With this book, both of those things happened. For Christmas 2012, a friend of mine requested my book list so that he could send me something. I willingly obliged, happy that he had the forethought to ask directly instead of guessing. When his package came, not only had he gotten me a book from my list, but he also sent me The Happiness Project by Gretchen Rubin. I suffer from seasonal depression, and he figured a little self-help in the area of happiness might indeed help me.
Intrigued, I started reading the book almost immediately upon receiving it, but didn’t get very far into it before I shelved it to read other things.
Sometimes we just aren’t in the right mood, mindset, or time of life for a particular book. And that’s totally okay!
Fast forward to last month, December 2013. I was feeling kinda stuck and looking for some motivation to make some changes, which led me to taking this book back off my shelf. I also think part of my thought process was that it was the end of the year, and a new year always means a fresh start.
The author starts out by stating that while she thought she lived a good life, there were things she wanted to improve on or try, and overall she just felt like she could be happier than she was. From there she created the Twelve Commandments and the Secrets of Adulthood. I was sort of confused by these lists, and while I better understood her intent of the twelve commandments later on in the book, the point of her secrets of adulthood never really became clear to me. The author decided to focus on 11 life categories throughout the year, while spending the last month, December, focusing on them all at once. Many of the resolutions she decided to focus on during her pursuit of increased happiness could easily resound with the masses. Things like improving relationships and focusing on finances. I generally found her insight and research on these topics interesting, though sometimes she went off on tangents for a while, discussing something she had read or thought about. There were other resolutions, such as writing a whole novel in one month, that probably don’t ring true for as many, but I think we could all insert our own do-this-crazy-feat-in-a-month idea.
I appreciated some of the blog reader comments she included in the book, as it’s always nice to read multiple perspectives or varying ideals. However, it felt like once she started her blog, the amount of reader comments that she included in the book seemed to increase substantially with each passing month. The author tended to lose me at these points, and I often glossed over some things.
At the end of the book she provides feedback on how her happiness project went, and I was (relieving) left to find her still just as human as the rest of us. My book version also includes several lists of tips at the end, ranging from 7 ways to make exercise part of your regular routine to ways to get someone to like you. I’m not sure if these are in all versions or not, but I found that they were good in summarizing some of her biggest take home messages from the book.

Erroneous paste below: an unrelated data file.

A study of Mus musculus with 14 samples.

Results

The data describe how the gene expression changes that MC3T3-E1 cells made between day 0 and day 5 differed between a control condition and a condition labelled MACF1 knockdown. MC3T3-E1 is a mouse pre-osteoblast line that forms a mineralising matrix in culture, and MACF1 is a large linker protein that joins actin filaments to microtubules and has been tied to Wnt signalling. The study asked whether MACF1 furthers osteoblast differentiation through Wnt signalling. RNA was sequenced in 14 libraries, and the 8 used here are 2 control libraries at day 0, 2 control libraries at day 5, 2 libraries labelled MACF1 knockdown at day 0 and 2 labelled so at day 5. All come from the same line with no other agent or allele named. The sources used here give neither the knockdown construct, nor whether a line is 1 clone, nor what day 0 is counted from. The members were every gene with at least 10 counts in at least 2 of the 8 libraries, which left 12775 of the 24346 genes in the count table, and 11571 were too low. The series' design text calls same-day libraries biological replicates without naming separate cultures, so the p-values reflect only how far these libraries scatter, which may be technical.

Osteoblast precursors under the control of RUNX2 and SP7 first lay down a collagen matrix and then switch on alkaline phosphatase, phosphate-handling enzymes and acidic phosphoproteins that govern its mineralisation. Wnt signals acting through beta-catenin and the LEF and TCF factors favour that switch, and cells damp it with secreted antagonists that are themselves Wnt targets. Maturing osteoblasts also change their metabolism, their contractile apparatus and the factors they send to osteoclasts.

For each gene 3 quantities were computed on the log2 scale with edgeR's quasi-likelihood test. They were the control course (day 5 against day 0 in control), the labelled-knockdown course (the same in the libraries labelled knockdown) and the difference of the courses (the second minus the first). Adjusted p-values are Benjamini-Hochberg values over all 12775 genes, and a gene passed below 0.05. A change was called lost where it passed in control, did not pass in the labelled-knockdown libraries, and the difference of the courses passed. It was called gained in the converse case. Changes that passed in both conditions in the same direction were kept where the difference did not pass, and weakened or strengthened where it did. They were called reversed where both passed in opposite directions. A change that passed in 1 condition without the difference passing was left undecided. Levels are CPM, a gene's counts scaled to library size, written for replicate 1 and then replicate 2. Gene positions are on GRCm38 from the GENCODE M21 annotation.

Overall, I enjoyed The Happiness Project. There were parts where I wish she’d have gone into more detail (where did the idea of twelve commandments and secrets of adulthood lists originate from???), as well as parts where it felt like she was rambling on (again, too many blog reader comments for my taste). But all in all, it was a good read.
Will I start my own happiness project? I thought about it for a while. I even made a list of nagging tasks, and my own Resolutions Chart of things I wanted to do on a more regular basis. The nagging tasks list is still floating around being used occasionally, and I have started referring to things as “nagging tasks” in order to increase the importance of getting them done. My Resolutions Chart? Yeah, that barely lasted a day.
So, no, I won’t be starting my own happiness project any time soon, but I’d be remiss if I said this book hasn’t affected me. I’ve been a lot better about focusing on visual clutter (it stresses me out), getting fast tasks over and done with right away (procrastination = more stress, even though I seem to be the procrastination queen), focusing more on the things that make me happy, and trying new things (like this blog!).
However, if you were interested in starting your own happiness project, a ton of resources can be found on the author’s website, www.gretchenrubin.com. She also has information there about her other books. I’ll be the first to say that when her Before and After book comes out, I will definitely be snatching it up!
(Book cover photo taken from Amazon.com.)